Celebrate 125! Monday

Written by: Lynn Young, President General
August 3, 2015

We are only a couple months away from the 125th anniversary of the founding of our Society on October 11 and so I wanted to take the opportunity to use this time to share even more stories of our amazing past. Starting today, every Monday we will post on the blog a story that looks back into the 125 year history of the DAR. So keep your eye out every week for these Celebrate 125! stories and please share them with other members and the public who may not have seen them on the blog. We have such amazing stories to tell about our Society and now is the perfect opportunity to share them as we celebrate 125 years of service to America. Enjoy!

Conference on Limitations of Armament

Between November 12, 1921, and February 6, 1922, a group of representatives from various nations met in Memorial Continental Hall for a Conference on Limitations of Armament. Representatives attended from the United States, the United Kingdom, Canada, Australia, New Zealand, India, France, Italy and Japan. The leader of the conference was U.S. Secretary of State Charles Evan Hughes. As a result of the meeting, treaties were signed between the United States, the United Kingdom, France, Italy and Japan. 

These treaties were designed to freeze and destroy armaments, to certify mutual respect for existing spheres of influence, and to recognize the independence of China. The contracting powers agreed to limit their respective naval armament.  Specific rules delineated which ships each country could have, how to scrap those vessels of war they were destroying, and the replacement of capital ships and aircraft carriers by new construction.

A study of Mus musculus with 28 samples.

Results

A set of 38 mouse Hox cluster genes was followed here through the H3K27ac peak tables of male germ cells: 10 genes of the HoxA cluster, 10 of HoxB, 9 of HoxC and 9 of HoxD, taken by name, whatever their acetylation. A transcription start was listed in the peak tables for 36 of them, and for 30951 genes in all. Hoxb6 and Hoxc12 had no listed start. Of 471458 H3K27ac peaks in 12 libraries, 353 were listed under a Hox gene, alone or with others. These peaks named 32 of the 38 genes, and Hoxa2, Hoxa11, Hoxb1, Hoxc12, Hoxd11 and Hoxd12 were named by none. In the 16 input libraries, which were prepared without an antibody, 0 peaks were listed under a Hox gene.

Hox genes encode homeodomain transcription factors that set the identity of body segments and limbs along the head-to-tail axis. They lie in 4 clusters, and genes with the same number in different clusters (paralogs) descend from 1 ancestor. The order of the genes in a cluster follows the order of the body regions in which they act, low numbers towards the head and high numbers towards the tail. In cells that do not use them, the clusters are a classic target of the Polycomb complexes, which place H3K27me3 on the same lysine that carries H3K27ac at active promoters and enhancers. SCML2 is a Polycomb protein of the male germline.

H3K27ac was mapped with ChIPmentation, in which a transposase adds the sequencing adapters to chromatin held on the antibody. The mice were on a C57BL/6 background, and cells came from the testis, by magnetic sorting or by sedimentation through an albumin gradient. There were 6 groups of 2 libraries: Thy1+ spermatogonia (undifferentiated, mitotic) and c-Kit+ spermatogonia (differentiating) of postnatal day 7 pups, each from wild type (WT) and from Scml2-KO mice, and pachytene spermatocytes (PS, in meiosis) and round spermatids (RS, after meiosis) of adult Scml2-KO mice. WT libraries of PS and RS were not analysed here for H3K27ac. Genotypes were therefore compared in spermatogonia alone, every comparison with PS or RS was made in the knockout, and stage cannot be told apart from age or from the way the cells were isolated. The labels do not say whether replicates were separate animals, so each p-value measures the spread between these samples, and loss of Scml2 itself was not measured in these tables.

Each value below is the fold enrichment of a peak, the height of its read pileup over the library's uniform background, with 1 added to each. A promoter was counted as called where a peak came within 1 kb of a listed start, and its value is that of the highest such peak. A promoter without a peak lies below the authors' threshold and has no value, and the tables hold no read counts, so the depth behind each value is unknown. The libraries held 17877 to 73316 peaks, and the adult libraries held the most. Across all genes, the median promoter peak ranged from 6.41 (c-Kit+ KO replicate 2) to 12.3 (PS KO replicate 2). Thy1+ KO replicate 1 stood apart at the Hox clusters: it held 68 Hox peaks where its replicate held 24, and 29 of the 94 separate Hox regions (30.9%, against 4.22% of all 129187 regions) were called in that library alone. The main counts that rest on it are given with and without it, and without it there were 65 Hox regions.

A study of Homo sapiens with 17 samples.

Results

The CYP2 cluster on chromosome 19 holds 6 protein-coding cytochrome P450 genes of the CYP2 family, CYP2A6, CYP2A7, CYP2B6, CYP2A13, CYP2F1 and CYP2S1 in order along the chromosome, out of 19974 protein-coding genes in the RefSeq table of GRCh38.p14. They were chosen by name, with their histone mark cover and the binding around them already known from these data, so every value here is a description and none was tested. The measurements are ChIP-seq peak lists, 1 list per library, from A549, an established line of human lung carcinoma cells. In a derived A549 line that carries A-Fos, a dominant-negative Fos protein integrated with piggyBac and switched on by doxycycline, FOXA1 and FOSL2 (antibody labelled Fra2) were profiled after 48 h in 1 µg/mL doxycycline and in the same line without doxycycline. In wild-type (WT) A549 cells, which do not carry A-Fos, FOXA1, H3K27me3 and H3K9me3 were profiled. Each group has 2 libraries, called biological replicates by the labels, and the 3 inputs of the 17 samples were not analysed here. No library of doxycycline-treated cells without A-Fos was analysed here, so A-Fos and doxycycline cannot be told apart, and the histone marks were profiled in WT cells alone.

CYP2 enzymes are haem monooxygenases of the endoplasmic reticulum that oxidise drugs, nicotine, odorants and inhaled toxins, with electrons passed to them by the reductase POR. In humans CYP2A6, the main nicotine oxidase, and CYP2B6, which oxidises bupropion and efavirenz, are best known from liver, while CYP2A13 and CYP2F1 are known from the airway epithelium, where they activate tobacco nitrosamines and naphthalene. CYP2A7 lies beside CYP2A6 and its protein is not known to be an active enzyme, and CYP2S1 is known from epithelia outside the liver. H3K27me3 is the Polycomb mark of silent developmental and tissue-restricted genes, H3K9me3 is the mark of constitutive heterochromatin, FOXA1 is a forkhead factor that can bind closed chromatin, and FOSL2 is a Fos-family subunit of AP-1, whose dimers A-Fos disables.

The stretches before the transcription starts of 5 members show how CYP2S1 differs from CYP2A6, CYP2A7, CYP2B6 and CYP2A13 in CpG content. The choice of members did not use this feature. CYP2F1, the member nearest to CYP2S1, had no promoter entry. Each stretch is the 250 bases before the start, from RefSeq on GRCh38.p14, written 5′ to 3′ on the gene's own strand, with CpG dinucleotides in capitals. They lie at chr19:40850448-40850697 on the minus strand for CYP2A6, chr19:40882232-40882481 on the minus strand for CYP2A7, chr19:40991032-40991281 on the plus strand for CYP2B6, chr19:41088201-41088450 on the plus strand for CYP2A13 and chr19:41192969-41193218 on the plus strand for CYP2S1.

Following this conference, other naval arms limitation conferences sought to strengthen limitations of warship building. The terms of the Memorial Continental Hall treaty were modified by the London Naval Treaty of 1930 and the Second London Naval Treaty of 1936. By the mid-1930s, Japan and Italy renounced the treaties, making naval arms limitation an increasingly untenable position for the other signatories.

As a result of this historic arms conference, the United States Department of the Interior designated Memorial Continental Hall a national historic landmark in 1973. A plaque affixed to the north corner of the building’s exterior reads: 

MEMORIAL CONTINENTAL HALL
HAS BEEN DESIGNATED
A REGISTERED HISTORIC LANDMARK
UNDER THE PROVISIONS OF THE
HISTORIC SITES ACT OF AUGUST 21, 1935.
THIS SITE POSSESSES EXCEPTIONAL VALUE
IN COMMEMORATING OR ILLUSTRATING
THE HISTORY OF THE UNITED STATES.
U.S. DEPARTMENT OF THE INTERIOR NATIONAL PARK SERVICE
1973

This is an A Look Back article that was featured in the January/February 2015 Daughters Newsletter. Subscribe to the newsletter here: www.dar.org/subscribe.